There’s more to autumn gardening than sprucing up an otherwise withering flower bed or border with a few chrysanthemums.
Many gardeners, thinking the growing season ends come Labor Day, abandon colorful, fragrant blooms for traditional autumn decorations such as pumpkins, hay bales and corn stalks, said Nancy Leskody, co-owner of Trimble’s of Corchaug Nursery on Main Road in Cutchogue.
It’s a habit that dates back to the colonial era, when early American settlers planted in the spring to take advantage of the rain and harvested crops in September.
But a wealth of flowers — including Montauk daisies, asters and sedum autumn joy — bloom bright and big this month. In addition, gardeners say usually deer-resistant ornamental grasses and trees can go a long way toward beautifying a landscape as the season changes.
Trimble’s co-owner Anne Trimble suggests planting Swiss chard, cabbage, kale and other leafy vegetables to enhance a fall garden.
“It’s all about texture,” she said.
The fall is also a good time to plant trees other than beech and oak, said Jim Warner of Warner’s Nursery & Garden Shop, a 500-acre farm in Calverton. Tree tops give a final colorful show and but the roots are expanding, he said.
One of Mr. Warner’s favorite fall trees is the autumn flowering cherry, which has small, light-pink blooms that turn an orangey-red as the season progresses. The trees can grow as high as 18 to 20 feet tall, which is still small for a tree, Mr. Warner said.
Flowering pears, Japanese maples and lindens have bold fall colors ranging from garnet to reddish mahogany, he added. Japanese maples are on the smaller side, only about six to eight feet high, but are 10 to 12 feet wide. Lindens, a big shade tree, grow as high as 45 feet.
Mature tree size comes into play when envisioning and planting a garden.
“You have to think about what shape it’s going to get, and place it accordingly,” Mr. Warner said.
Marilyn Anne Marks, a landscape designer who owns the Shorecrest Bed & Breakfast in Southold, maintains a 20-foot by 200-foot garden at her inn, plus additional shade gardens and other flower beds. Tending the gardens is a chore during the summer, but keeps the property lush and colorful into the fall.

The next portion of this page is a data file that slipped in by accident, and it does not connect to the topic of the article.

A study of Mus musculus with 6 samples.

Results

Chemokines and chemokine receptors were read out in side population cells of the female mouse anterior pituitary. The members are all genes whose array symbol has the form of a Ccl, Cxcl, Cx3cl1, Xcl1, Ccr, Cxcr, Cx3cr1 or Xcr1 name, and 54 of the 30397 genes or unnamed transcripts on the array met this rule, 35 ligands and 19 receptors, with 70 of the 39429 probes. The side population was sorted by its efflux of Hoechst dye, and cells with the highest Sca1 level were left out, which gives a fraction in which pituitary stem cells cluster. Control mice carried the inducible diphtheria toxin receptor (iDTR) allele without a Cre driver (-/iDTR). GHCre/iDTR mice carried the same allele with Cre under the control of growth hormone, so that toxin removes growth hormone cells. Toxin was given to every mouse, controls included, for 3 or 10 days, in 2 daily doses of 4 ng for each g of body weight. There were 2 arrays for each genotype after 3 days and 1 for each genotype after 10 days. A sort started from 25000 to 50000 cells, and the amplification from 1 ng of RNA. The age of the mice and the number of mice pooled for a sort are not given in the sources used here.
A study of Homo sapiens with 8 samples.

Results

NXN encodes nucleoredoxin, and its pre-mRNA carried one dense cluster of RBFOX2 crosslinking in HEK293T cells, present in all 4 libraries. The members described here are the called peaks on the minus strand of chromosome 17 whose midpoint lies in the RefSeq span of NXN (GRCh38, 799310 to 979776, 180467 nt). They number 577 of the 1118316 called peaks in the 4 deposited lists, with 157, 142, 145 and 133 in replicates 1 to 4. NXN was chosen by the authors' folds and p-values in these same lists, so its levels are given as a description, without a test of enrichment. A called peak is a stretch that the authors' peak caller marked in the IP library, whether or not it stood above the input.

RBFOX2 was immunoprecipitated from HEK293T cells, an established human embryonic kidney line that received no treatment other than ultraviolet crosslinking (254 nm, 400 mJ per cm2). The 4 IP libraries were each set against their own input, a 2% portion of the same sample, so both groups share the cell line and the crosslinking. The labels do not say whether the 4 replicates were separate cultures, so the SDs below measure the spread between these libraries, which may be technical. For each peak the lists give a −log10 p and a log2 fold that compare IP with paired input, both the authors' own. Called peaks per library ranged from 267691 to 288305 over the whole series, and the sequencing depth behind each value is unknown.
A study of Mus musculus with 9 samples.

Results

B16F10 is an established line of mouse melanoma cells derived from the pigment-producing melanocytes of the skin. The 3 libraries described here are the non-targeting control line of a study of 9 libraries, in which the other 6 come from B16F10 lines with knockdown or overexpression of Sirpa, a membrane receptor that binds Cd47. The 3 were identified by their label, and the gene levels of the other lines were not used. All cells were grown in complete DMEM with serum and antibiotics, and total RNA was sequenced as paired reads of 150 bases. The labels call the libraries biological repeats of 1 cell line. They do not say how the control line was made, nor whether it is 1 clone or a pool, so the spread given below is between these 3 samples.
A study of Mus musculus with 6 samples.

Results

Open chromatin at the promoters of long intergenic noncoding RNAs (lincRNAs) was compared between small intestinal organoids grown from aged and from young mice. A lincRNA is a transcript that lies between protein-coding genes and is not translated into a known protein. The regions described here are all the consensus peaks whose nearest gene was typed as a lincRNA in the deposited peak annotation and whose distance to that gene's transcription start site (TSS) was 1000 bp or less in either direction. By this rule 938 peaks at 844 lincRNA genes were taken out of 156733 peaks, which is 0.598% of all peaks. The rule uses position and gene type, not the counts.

“It’s designed to bloom at any given point of the year,” Ms. Marks said.
Montauk daisies, goldenrod and rudbeckia, all perennials, are reaching full bloom right about now, she said.
Relying on such long-lasting flowers is one of her tricks of the trade. They come back year after year, helping her garden, built in 2006, require less maintenance. She also intersperses the perennials with annuals that flower until the fall’s first frost.
“I have giant verbena, and a lot of container plantings,” she said, adding that she also uses jasmine and passion vine.
To add more low-maintenance interest to her garden, Ms. Marks breaks with tradition. Rather than focusing on flowers, she adds visual interest with seed heads and dried hydrangea on the branch. When she took ownership of Shorecrest, one of the only flowers in the garden was a huge hydrangea that had been there since the 1920s.
“They start out bright blue, with giant pompon heads, almost as big as a soccer ball,” Ms. Marks said. “Then they fade to a paler color, with pink tinges, and some will go greenish or a deep pink.”
She also incorporates hydrangea paniculata, which is more treelike than its cousin, in her garden. It’s just starting to bloom, she said.
Tall, spiky agastache, a perennial herb, also blooms in the fall and adds depth and color to the back of a fall flower bed, said Alexandra Andon, a landscape designer at Timothy Coffey Landscape Contractors in Southold. The herb can grow almost five feet tall.
“It has an interesting lemony-scented leaf,” she said, adding that she’s also noticed Japanese anemones are underused in fall gardens. The anemones can be staked to grow tall or left to trail along the ground.
Ms. Andon also recommends colchicum, an autumn bulb that grows to only a few inches tall.
The fall can also be a time to prepare for winter landscapes. Ms. Trimble recommends a red twig dogwood, green and white during the growing season with bright red stems in the winter. It looks “spectacular in a snowstorm,” she said.
“The challenge is to realize that you can still plant,” Ms. Leskody said. “The sun is warm, and the ground is warm, and there’s a long growing season here.”